Cartels beware: PCC implements Leniency Program

By Bernie Cahiles-Magkilat

The Leniency Program, which is similar to the whistle-blower program of the government, takes effect today, sending a strong signal to cartels and unscrupulous firms that they are held accountable for their anti-competitive agreements, practices and conduct.


The Leniency Program allows any entity that participates in a cartel to avail of leniency in the form of either immunity from suit or reduction of fines in exchange for the voluntary disclosure of information regarding the cartel it is involved in.

Polinar explained that it is similar to a whistle-blower program except that under the Leniency Program, the applicants are not just ordinary informants, but are themselves participants or members of the cartel being reported.

“We want to spread the word that there is now a program for past and current cartel participants to break ranks and get immunity or reduction of fines in exchange for their cooperation with the PCC, particularly in providing evidence and information,” he added.

In essence, Polinar said, the Leniency Program is meant to undercut cartel-like behavior such as price-fixing, bid-rigging, output restriction, and market allocation that hurt consumers and sabotage the economy’s gains.

“These violations are widely considered to be the most harmful form of anticompetitive behavior,” said Polinar.

The PCC Leniency Program is designed to deter the creation of such cartels, and to aid in the detection and prosecution of existing ones by incentivizing cooperation from current and former cartel participants who possess information and evidence necessary for a successful investigation and prosecution of said offenses.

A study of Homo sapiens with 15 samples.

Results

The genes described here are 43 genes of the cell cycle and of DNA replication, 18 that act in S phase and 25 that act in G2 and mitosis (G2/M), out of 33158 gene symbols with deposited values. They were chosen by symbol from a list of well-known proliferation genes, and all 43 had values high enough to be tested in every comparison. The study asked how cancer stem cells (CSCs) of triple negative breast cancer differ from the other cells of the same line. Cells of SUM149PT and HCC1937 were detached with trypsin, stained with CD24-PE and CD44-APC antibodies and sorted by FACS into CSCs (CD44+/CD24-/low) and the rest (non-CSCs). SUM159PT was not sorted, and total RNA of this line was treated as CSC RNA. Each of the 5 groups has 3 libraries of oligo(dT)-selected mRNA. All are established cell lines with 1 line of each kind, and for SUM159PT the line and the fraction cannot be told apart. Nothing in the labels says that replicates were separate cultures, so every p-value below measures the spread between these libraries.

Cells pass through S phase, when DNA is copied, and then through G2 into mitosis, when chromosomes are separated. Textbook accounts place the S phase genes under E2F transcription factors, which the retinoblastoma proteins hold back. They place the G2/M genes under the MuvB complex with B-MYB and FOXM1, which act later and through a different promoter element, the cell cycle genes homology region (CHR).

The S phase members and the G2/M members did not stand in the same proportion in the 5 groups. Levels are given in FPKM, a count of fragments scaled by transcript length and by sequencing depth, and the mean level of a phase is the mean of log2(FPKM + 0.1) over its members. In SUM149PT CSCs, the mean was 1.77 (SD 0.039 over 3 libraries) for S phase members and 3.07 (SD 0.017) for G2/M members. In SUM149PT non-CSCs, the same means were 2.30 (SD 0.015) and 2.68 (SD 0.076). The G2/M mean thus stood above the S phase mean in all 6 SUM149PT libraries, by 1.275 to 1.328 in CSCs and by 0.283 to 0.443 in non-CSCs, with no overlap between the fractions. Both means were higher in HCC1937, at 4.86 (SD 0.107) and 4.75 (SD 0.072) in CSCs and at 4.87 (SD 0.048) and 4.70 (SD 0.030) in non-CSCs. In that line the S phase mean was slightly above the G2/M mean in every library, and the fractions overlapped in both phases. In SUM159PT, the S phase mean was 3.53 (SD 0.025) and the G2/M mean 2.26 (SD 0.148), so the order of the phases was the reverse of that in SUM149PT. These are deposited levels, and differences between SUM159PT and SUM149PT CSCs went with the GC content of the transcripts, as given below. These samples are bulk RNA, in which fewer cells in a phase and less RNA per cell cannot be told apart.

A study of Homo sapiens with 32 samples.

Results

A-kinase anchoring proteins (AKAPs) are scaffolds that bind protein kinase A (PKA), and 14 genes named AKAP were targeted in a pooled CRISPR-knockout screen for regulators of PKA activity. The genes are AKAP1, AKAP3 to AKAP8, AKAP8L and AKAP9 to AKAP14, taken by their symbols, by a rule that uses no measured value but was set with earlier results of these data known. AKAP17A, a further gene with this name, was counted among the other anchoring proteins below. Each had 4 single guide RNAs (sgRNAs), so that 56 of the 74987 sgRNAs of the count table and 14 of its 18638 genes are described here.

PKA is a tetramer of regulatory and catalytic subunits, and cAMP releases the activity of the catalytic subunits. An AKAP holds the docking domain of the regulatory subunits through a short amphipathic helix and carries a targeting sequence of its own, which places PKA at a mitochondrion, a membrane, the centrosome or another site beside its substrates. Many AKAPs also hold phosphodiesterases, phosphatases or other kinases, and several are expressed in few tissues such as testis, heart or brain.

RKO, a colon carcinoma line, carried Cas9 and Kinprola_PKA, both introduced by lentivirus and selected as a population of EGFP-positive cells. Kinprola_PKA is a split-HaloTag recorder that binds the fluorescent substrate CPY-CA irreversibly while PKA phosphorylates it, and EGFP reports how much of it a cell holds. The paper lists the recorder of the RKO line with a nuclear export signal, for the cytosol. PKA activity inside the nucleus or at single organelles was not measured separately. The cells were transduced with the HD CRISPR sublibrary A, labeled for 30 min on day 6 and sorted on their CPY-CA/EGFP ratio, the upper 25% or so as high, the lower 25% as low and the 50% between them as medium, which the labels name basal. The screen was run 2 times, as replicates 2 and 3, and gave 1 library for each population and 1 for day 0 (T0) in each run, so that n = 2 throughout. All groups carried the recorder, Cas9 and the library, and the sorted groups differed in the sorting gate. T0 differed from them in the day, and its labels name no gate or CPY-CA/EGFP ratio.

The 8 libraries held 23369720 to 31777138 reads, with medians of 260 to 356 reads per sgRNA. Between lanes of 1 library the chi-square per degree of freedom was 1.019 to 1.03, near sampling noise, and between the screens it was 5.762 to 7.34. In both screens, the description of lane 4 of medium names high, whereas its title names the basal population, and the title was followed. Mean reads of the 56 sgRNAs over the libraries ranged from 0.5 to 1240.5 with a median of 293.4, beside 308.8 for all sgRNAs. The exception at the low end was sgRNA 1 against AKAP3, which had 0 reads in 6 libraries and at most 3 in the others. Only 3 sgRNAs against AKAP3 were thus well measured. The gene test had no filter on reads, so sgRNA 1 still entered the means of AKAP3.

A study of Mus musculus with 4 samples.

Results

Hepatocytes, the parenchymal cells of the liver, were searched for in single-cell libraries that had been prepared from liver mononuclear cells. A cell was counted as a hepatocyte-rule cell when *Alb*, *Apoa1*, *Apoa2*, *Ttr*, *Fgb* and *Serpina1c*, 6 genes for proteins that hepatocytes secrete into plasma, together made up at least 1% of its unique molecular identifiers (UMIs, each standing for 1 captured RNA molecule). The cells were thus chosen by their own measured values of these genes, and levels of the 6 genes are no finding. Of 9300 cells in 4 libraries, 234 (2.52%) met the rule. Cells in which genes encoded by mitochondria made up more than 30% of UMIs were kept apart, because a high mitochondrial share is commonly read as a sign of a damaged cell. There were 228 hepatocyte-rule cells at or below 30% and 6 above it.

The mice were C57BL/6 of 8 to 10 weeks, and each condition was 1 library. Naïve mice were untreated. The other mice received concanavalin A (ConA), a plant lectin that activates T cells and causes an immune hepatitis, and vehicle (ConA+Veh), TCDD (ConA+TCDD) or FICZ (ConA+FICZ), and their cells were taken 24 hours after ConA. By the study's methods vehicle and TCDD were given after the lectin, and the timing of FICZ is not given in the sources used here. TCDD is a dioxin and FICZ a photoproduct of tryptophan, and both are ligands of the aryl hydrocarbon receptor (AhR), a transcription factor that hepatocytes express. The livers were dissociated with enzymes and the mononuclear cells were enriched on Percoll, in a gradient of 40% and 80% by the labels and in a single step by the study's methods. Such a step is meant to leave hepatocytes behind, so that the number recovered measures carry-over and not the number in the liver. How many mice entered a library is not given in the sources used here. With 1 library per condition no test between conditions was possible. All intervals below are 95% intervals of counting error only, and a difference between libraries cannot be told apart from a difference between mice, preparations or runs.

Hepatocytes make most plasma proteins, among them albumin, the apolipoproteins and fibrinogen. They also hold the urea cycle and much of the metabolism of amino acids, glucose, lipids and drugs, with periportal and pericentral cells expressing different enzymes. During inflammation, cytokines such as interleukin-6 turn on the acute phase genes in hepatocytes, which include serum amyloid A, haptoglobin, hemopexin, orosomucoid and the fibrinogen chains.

The PCC will only allow a maximum of one beneficiary of immunity from suit and one beneficiary of reduction of fines. This policy is meant to ensure that members of a cartel will race to the PCC and disclose the existence of the anticompetitive agreement to obtain the benefits of the Leniency Program.

Any current or former participant of a cartel may apply for leniency, Polinar said.

Also, any current or former director, officer or employee of a juridical entity that participates or participated in a cartel may apply for leniency independent of their employer or of the corporation they are associated with.

The Leniency Program is a unique tool used by competition agencies around the world to boost the detection and prosecution of cartels. In other countries, Leniency Programs are reported to have reduced cartel formation by 59 percent and have increased cartel detection by 62 percent.

“The PCC is bent on cracking down cartels. To emphasize, cartel refers to groups of competitors who agree to fix prices instead of competing independently, rig bids or take turns in winning projects, divide markets among themselves, or restrict output,” he added.

Under the Philippine Competition Act, cartels can be administratively fined of up to P250 million. Cartel members may also be imprisoned for a maximum of 7 years. When the entities involved are corporations, the penalty of imprisonment shall be imposed on the officers, directors or employees holding managerial positions who are knowingly and willfully responsible for the violation.

As the country’s antitrust authority, the PCC is mandated to enforce prohibitions against anti-competitive agreements, abuses of dominance, and anti-competitive mergers and acquisitions.
The Leniency Program is one of the pillars of PCC’s investigative framework, along with Inspection Orders.

Inspection Orders, will allow the PCC, upon order of the court, to carry out dawn raids or inspections of business properties for investigations.